The Backlog

Well, this has been a long time coming.  The wake of everyday life as it is known in further adulthood often finds itself sponging up things that keeps our time occupied and busies.  So while we regularly are engaged with the opportunity to observe things, to make physical or mental note of them, often things in our life will get relegated to the “To do…” pile for when we are able to finagle some free time for ourselves at the right time of day, under the right confluence of circumstances.  So, while I play “Wait to see if the client shows up” at work, I find myself sitting down and beginning the composition of this draft to you (which has taken many moments over many days).

Starting with “Pig Boat Blues”, an LP from psychedelic outfit known as Christian Bland and the Revelators.  Whom in fact happen to be a pretty nifty side-project to The Black Angels.  Both bands carry with them a blend of psychedelia and trippyness to their sound, the former embraces the psych sound more than their father-band does.  The cover alone is worth a listen for the brain, and is just as trippy and enticing as the deisgn’s themes appear to invoke.

I can’t for the life of me recall if I’ve ever mentioned the Smoke Fairies here on the blog before.  I first encountered them on Jack White’s record label.  They were features on his “Blue series” of 7-inch vinyl release.  They have a sort of off-the-mark blues sound that’s relaxed, soft-spoken, and haunting at the same time.  Eerily beautiful, great for a late-night evening in the woods.

I bought these two albums together one fine Sunday afternoon.  Alex “Edward Sharpe” Ebert and his spirutually uplifting, goodtime-feeling posse produced a surprisingly strong sophomore album.  It continues the tradition of the crooner, the flower-child, the preacher, and the shrieker.  Humble and earth-grounded effort, I bought this because I found it spiritually powerful in a way that doesn’t showboat.  It very much feels like a natural progression to move into from what “Up From Below”, as opposed to just a bigger and louder recreation of it.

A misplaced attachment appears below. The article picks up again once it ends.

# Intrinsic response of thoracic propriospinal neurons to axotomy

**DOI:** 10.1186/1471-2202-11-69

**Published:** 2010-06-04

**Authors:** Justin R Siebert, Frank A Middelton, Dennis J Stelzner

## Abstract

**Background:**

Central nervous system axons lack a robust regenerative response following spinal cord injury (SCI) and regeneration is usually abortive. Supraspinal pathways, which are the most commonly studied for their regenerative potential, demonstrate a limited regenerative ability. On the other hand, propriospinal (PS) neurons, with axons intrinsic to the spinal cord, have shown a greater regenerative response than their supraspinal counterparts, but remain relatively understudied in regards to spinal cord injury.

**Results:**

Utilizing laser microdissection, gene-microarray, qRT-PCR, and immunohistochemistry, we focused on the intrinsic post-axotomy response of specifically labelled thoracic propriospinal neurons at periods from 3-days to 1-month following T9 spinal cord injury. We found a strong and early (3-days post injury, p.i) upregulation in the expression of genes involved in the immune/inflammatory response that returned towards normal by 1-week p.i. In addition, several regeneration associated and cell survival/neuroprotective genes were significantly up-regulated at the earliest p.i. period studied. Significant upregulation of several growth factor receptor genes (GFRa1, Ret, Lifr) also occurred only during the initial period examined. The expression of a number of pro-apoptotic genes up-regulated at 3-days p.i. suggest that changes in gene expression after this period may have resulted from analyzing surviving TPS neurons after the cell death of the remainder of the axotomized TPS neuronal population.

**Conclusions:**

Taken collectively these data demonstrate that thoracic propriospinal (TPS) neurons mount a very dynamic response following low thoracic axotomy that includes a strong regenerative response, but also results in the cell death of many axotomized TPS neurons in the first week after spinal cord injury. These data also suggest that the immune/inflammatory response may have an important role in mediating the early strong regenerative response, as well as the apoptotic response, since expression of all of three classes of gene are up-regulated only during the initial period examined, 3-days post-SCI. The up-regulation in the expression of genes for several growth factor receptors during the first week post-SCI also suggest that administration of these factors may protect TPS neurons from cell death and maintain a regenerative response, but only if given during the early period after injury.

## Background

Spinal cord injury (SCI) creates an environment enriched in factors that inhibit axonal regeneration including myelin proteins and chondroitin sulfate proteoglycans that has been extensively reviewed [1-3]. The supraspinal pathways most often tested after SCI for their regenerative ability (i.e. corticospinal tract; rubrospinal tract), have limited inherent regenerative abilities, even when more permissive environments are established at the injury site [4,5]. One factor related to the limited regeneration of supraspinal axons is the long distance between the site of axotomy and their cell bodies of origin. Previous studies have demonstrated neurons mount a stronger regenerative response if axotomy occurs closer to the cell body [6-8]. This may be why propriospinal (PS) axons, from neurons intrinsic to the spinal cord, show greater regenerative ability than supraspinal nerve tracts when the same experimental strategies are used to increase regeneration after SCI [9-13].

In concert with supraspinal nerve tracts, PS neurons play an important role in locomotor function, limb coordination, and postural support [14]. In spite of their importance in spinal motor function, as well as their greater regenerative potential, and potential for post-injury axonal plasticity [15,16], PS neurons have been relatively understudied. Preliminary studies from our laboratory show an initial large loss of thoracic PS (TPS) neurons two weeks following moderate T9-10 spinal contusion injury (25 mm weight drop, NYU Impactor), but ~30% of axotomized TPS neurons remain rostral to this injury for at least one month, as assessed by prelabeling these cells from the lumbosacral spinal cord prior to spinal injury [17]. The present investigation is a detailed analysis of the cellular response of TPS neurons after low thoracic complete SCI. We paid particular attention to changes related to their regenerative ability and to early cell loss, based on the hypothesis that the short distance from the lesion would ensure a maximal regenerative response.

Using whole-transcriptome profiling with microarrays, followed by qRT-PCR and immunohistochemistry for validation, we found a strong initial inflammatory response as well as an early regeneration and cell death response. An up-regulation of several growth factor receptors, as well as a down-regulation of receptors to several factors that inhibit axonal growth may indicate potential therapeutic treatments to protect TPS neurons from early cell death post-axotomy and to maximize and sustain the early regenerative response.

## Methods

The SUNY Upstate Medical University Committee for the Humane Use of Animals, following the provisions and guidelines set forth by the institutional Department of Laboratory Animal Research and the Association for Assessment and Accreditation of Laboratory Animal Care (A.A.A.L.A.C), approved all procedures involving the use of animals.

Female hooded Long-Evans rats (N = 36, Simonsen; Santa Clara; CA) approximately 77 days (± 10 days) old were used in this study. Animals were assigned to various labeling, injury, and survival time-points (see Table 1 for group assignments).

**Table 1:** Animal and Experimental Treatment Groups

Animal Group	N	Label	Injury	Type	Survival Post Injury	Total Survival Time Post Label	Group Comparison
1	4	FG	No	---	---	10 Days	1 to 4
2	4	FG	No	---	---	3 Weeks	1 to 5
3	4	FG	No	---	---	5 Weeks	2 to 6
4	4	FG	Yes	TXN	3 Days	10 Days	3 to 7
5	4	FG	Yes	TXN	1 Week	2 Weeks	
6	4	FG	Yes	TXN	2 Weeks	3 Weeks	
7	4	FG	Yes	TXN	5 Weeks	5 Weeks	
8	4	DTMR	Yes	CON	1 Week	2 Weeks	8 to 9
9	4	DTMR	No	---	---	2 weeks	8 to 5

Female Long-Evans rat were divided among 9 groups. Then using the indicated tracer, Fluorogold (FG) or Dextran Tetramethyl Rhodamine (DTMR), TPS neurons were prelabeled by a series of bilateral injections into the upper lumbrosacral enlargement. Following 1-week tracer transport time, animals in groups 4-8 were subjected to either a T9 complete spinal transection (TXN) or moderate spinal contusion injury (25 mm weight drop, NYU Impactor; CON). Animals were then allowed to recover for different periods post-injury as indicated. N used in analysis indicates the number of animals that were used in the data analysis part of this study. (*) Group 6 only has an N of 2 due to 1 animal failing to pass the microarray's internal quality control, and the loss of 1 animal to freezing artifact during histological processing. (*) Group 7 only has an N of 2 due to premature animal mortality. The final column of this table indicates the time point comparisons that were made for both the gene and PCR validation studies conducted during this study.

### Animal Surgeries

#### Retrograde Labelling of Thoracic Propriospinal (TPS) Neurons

Garbage’s latest effort, the comeback that is…well, Pitchfork called it a “…hectic amalgamation of…electronica, punk, industrial rock, grunge, and the occasional trip-hop.”  It’s strong, and doesn’t feel as mis-assembled as their seven-years-ago-released “Bleed Like Me”.  It’s a more cohesive effort if you will, more focused, something which I apparently appreciate a lot more than Pitchfork does.  Shirely Manson is fierce, and feeling at the same time, and yes, their sound is especially outdated in the music landscape that’s evolved beyond that 90’s realm they were so successful in, but they’ve got strength of will to stick to their guns, and they do it extremely well.  I will not regret at all picking this up.

Why?  Because “why the hell not?!”, that’s why.  Beck and Jack White are easily two of my favorite musicians out there.  I know they’ve had a longstanding friendship for quite some time now.  Beck had a cameo on the White Stripes’ “Hardest Button to Button (here), recorded a duet for a 7-inch single for Icky Thump’s track “Conquest” called “It’s My Fault for Being Famous”, and now this.  A two-song release on White’s Third Man Records.  To borrow a simile I enjoy utilizing, it’s like your two best friends becoming best friends with each other as well.  Beck embraces the rough-around-the-edges blues & country roots that that he dove into early his career with this release.  It very much feels like flipping through an old photo album, and getting back in touch with something of old, for just a moment.

I was disappointed with Metric’s previous album, “Fantasies”.  I waited maybe a year or two before eventually caving and deciding to pick it up.  Although the album’s first single instantly soured me to their efforts then, I eventually arrived at a point where it was hard to ignore the fact that tracks from it were regularly struck in my head.  Fantasies does indeed feel a lot like a band that decided they were done screwing around at home, and should make their time at Electric Ladyland really worth something, and respectful of the sacred-to-musicians place they were in.  I was hesitant going into this album as well, remembering my experience with Fantasies, but found myself cursing under my breath, instantly recognizing how amazing the album was.  The constant presence of a bleak synth sound in each track really helped to bring things together, cohesion again, a theme I brought up when addressing Garbage’s latest album above.  There’s a contemplative dreamscape in this work that actively ponders artificial versions of real-life experiences and what that means for individual existence.  Oh yeah, Lou Reed also has a cameo on the album somehow.

Anyone that’s followed my gaming habits here with any consistency and regularity will be fully aware of my shameless love affair with Superbrothers’ “Sword & Sworcery EP”.  I remarkable game I’ve gushed about here and whose music I’ve equally gushed about at times (like here).  Just the other week, to honor the release of the game in Japan, selections of the soundtrack were remixed by prominent Japanese musicians to impressive delight, capturing the spirit of the tracks and doing them justice, while curiously applying their own eastern spin to these tunes.  Purchase it on Jim Guthrie’s Bandcamp page, or track it down in iTunes.